Genetic study clarifies relationships between different subspecies of the Common Chiffchaff.
LBJ. Bird watchers will know what this abbreviation stands for: Little Brown Job. It refers to the large number of small brown passerines that are difficult to distinguish. A nice example of a LBJ is the “Chiffchaff complex”. This collection of small birds used to be considered one species, but detailed studies – based on genetics, acoustics and morphology – revealed the presence of four species: Common Chiffchaff (Phylloscopus collybita), Iberian Chiffchaff (P. ibericus), Mountain Chiffchaff (P. sindianus) and Canary Islands Chiffchaff (P. canariensis). In addition, these species can be divided into several subspecies. As the name already implied, the situation is quite complex. A recent study in the journal PLoS One tried to unravel the complicated relationships in this group of birds.
Marko Rakovic and his colleagues sampled across the range of the Chiffchaff complex, from western Europe to Siberia. Next, they sequenced two genes (the mitochondrial ND2 and the Z-linked ACO1I9). Analyses of these markers confirmed the delineation of the four recognized species.
However, some Z-linked alleles were shared between Common Chiffchaff and Canary Islands Chiffchaff. Moreover, based on the ND2-gene, one individual from the Canary Islands was located within the Common Chiffchaff group (see orange group in the figure below). Could it be that these species occasionally hybridize?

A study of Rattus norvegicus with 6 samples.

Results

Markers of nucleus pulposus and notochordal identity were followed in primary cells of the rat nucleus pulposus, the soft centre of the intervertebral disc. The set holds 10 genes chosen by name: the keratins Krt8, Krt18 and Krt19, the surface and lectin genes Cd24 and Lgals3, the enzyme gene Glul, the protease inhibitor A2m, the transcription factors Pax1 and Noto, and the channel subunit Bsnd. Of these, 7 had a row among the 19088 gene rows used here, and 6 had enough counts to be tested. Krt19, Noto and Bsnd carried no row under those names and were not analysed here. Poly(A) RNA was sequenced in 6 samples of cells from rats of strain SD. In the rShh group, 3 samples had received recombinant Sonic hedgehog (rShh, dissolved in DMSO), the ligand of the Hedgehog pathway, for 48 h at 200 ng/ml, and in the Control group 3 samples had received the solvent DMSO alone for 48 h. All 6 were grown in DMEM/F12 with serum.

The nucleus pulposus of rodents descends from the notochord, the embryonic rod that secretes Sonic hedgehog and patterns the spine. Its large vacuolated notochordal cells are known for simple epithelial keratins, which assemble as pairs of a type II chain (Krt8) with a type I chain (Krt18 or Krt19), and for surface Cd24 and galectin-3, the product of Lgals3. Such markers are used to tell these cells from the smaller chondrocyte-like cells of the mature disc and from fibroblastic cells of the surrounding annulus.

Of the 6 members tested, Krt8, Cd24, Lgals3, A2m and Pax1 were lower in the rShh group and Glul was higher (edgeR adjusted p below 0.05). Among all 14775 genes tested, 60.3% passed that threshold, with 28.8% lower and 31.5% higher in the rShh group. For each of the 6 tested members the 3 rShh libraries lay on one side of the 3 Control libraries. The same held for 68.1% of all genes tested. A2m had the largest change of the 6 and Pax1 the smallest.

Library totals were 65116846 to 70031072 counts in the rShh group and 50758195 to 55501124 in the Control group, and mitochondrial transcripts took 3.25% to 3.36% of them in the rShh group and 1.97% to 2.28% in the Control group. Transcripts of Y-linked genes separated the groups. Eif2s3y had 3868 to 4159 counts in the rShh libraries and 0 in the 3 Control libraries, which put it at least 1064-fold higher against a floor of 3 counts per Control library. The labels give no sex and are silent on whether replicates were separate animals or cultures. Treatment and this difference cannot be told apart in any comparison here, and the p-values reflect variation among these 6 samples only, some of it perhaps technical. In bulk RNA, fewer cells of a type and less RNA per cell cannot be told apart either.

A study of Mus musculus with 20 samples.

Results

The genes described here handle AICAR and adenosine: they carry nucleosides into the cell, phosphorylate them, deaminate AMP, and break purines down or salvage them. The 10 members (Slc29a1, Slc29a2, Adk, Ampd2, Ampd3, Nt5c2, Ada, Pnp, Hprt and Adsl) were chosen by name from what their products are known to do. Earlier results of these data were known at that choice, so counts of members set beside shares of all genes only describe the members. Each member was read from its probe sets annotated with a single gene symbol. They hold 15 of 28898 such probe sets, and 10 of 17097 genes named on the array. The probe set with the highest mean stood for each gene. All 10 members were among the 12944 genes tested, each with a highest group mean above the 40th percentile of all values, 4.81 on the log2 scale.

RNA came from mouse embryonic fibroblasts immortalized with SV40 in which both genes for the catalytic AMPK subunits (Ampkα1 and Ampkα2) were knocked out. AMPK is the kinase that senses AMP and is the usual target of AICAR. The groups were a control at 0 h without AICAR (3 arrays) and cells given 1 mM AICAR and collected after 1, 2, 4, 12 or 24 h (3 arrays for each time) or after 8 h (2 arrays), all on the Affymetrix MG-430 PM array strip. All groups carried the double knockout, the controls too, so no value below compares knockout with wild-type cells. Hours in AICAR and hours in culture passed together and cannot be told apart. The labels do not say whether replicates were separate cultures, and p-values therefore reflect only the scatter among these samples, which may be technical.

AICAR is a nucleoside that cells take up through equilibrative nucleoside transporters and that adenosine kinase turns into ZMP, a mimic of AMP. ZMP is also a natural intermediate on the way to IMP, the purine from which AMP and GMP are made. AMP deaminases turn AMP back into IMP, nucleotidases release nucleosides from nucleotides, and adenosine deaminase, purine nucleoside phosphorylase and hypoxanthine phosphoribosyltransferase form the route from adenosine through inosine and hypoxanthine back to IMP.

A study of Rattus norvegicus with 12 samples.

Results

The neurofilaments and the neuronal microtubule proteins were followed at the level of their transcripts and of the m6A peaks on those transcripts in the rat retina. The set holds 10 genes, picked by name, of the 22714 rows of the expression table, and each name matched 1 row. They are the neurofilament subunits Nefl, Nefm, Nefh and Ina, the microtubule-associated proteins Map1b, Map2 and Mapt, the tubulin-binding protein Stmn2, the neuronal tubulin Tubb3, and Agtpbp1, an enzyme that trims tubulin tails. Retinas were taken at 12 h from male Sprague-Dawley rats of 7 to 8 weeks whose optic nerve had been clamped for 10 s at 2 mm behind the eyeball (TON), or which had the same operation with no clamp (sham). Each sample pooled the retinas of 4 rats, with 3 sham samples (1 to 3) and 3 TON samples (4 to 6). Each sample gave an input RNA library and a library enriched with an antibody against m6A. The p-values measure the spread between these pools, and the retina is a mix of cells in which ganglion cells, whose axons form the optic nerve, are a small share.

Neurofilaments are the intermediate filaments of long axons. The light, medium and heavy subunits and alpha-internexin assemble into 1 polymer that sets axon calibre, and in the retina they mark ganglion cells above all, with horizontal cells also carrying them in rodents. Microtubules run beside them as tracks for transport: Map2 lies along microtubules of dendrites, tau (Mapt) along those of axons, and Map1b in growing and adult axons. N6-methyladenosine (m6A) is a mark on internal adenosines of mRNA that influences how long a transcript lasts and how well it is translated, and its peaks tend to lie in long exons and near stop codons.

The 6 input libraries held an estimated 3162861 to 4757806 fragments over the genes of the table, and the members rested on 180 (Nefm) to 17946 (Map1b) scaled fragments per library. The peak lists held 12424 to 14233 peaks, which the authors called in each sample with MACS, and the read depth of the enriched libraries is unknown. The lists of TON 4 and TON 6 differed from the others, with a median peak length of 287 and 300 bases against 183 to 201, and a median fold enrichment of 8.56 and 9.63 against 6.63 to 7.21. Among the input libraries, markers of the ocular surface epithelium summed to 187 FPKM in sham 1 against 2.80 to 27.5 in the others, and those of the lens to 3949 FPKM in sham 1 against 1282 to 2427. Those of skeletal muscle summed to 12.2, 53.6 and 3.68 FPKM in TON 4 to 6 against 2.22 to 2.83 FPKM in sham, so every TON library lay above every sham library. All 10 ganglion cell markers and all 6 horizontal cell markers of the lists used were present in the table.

Let’s have a closer look at the patterns within these Common Chiffchaff. This species is generally divided into several subspecies:
Based on the mitochondrial ND2-gene, all these subspecies form distinct clades. However, this was not the case for the other genetic marker. Genetic variation is shared between the subspecies abientus and collybita, which are known to hybridize in Sweden (see for example Hansson et al. 2000). The data did not reveal hybridization between abientus and tristis, altough recently a hybrid zone was discovered in the Urals (see for example Shipilina et al. 2017 and this blog post).
Less is known about the southern subspecies of the Common Chiffchaff. The Anatolian Peninsula of Turkey houses brevirostris, while caucasicus breeds more to the east in Armenia. Finally, menzbieri is known from eastern Iran and the border with Turkmenistan. The genetic analyses clustered brevirostris and caucasicus. In the eastern part of their range, they might hybridize with menzbieri.
The researchers also sampled in a region that is normally not included in the distribution of the Common Chiffchaff: Mount Hermon (situated near the border between Lebanon and Syria). This population turned out to be a mix of brevirostris, caucasicus and colybita. Probably these birds use Mount Hermon as a wintering area. Interestingly, this population also contained alleles that were not present in any of the other subspecies. Perhaps this population might represent a yet unnamed taxon. Things just got a bit more complex again…
Rakovic, M., Neto, J.M., Lopes, R.J., Koblik, E.A., Fadeev, I.V., Lohman, Y.V., Aghayan, S.A., Boano, G., Pavia, M., Periman, Y., Kiat, Y., Ben Dov, A., Collinson, J.M., Voelker, G. & Drovetski, S.V. (2019) Geographic patterns of mtDNA and Z-linked sequence variation in the Common Chiffchaff and the ‘chiffchaff complex’. PLoS One 14(1):e0210268.
This paper has been added to the Phylloscopidae page.